5th September 2011 – Personalised Medicine

The impact of medicines is different on different patients or patient conditions. It is very important to get the right medicine to the patient to produce the best outcome. Some patients’ conditions may be more critical than others and may only respond to particular medicines. It is important to understand, in a world limited by availability and money, which medicines will produce the best result for patients and the NHS service overall.

Professor Ian Wilson (whom you scored 6 out of a maximum of 5 on his last visit) will lead our session on “Personalised Medicine: what it is, how we go about it and what the implications are.”

We all know, sometimes from experience, that some medicines work better for some people than others. One of the major new topics in biomedical research is so-called “personalised medicine” which aims to deliver the “right medicine to the right person at the right dose”. In order to do this we obviously need methods for determining in advance whether or not an individual is going to respond well to a given therapy.  Methods for finding out how well they are doing on the drug are also needed.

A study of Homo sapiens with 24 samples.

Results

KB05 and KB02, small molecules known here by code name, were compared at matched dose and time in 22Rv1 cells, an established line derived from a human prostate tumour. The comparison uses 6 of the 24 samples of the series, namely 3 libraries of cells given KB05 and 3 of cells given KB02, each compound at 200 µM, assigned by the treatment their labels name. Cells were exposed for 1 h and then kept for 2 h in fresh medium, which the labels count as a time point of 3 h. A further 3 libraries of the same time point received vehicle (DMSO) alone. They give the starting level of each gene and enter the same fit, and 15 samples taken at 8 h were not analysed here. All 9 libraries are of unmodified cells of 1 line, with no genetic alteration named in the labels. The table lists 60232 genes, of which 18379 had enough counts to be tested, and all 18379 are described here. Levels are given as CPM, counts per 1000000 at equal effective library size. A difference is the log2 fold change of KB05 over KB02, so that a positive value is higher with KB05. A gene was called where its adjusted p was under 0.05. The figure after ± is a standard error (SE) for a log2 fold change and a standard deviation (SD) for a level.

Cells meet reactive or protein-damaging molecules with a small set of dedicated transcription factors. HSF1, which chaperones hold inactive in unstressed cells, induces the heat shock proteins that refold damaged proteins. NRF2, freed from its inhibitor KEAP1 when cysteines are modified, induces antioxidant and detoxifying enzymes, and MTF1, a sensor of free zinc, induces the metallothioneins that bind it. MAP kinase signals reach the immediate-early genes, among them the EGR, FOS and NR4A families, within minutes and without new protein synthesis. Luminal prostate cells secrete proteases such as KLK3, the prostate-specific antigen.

This requires us to have suitable “biomarkers” that will enable us to simply, and cost-effectively, provide these pieces of information about the patient. The explosion in molecular biology, started by the discovery of the central role of DNA in genetics and  culminating in the mapping of the human genome have been followed by efforts to understand the messages encoded in it and apply them to aspects of human disease.

So, techniques such as “genomics” and “transcriptomics” etc. have been coupled with a number of other “omics” technologies (such as “proteomics” and “metabonomics” or ”metabolomics”) as part of efforts to find new and specific biomarkers for a range of conditions.

Professor Wilson will describe the current research in one of these areas, metabonomics, which is based on the idea that cellular metabolites can provide such biomarkers, together with the challenges that such approaches provide to the scientists trying to develop them.